One day, Mr. Rochester summons them to the drawing room for tea. Jane dresses up formally for the occasion. Mr. Rochester acknowledges them with a mere nod. For some time, he pretends to take no notice of them. After tea, he questions Jane about her past. He asks her to play the piano and show him her drawings. He is not impressed with her piano recital but is fascinated by her painting. He abruptly sends them away at nine.
When Jane questions Mrs. Fairfax about the master's "abrupt" behavior, the housekeeper acknowledges his moody nature. According to her, Rochester has led an "unsettled kind of life." His father and his brother were unfair to him, especially with regard to the family's finances. She believes that Mr. Rochester probably shuns Thornfield because he finds the place too gloomy.
Mr. Rochester's presence reanimates the entire atmosphere of Thornfield Hall. It is "no longer silent as a church." Jane herself has come to like the place better now. On a naturalistic level, Jane thinks of the house as taking its personality from the presence of Mr. Rochester. However, the novelist moves beyond this to make a symbolic identification between the house and its master.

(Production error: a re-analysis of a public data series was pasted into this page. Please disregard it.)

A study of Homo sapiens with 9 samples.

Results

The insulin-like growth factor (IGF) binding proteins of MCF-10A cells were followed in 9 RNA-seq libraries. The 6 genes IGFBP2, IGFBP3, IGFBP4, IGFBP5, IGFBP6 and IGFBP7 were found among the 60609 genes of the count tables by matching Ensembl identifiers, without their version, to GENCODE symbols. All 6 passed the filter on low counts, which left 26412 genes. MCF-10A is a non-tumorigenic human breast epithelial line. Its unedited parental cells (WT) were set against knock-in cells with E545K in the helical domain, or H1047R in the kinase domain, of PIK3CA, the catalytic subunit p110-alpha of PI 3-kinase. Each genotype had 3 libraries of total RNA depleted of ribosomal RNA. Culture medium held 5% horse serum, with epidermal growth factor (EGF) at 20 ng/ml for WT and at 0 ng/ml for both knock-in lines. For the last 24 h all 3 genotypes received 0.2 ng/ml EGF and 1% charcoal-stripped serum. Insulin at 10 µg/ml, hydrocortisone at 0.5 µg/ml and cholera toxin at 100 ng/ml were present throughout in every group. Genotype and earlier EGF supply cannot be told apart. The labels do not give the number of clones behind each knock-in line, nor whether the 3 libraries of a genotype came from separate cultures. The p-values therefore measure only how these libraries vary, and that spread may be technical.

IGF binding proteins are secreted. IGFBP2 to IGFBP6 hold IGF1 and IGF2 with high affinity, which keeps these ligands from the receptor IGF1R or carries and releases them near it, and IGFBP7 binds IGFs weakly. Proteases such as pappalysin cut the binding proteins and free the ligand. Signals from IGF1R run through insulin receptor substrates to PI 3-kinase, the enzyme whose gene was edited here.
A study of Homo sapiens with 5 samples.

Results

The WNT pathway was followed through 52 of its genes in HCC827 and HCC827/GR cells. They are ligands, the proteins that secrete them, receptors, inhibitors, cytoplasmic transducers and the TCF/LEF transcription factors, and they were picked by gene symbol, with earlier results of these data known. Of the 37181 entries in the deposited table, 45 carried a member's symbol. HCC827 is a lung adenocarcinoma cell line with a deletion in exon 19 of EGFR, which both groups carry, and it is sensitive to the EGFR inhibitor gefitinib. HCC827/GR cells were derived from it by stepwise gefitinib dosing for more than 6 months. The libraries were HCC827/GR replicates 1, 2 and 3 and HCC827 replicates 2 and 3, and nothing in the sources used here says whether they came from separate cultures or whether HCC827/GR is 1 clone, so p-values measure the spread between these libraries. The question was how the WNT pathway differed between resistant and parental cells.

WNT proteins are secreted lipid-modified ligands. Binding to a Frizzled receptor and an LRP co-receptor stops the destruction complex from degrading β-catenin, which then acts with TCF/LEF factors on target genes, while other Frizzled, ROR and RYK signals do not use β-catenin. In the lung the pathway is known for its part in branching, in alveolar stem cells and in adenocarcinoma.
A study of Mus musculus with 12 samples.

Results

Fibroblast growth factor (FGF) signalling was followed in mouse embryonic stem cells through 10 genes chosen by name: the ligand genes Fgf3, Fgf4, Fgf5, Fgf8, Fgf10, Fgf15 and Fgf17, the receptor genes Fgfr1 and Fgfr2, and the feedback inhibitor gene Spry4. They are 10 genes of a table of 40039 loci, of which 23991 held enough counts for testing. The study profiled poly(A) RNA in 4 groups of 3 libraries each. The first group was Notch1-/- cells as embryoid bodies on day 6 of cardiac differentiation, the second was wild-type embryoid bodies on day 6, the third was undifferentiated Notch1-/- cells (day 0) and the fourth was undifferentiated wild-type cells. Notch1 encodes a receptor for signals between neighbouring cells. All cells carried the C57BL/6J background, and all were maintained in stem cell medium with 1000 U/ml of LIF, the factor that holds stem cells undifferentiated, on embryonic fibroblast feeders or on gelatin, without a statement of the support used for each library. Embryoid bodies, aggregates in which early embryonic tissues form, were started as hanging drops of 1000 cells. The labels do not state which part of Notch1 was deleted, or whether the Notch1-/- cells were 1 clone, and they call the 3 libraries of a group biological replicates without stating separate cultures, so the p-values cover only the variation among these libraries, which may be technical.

Jane is introduced by Mrs. Fairfax as an "invaluable" companion to her and "a kind and careful teacher" to Adèle. In the course of Mr. Rochester's conversation with Jane, the reader discovers that Jane is in a position to look back over her life at Lowood under Brocklehurst with a certain amount of detachment and objectivity. Mr. Rochester detects in Jane's eyes the "look of another world." He goes to the extent of asking if she bewitched his horse during their first encounter.
In this chapter, Jane seems to be reasonably proud of her achievement in her profession as a governess. Mr. Rochester, however, is critical of her. He finds Jane to be a mere novice at playing the piano. He does respond favorably to her paintings. The only suggestion of Mr. Rochester's that can upset her is that she may have been helped by an art master. Jane discovers Mr. Rochester to be somewhat overbearing, but she refuses to become unnerved by him.
The conversation between Jane and Mrs. Fairfax in the last section of this chapter provides Mrs. Fairfax's insight into Mr. Rochester's character. She finds him very "changeful" and "abrupt." Mrs. Fairfax, however, does not provide Jane with more explicit information on the origin and nature of Mr. Rochester's family troubles. The reader learns that Mr. Rochester's "unsettled kind of life" has not allowed him to stay at Thornfield continuously for even two weeks. Mrs. Fairfax is not surprised by the fact that he shuns the place.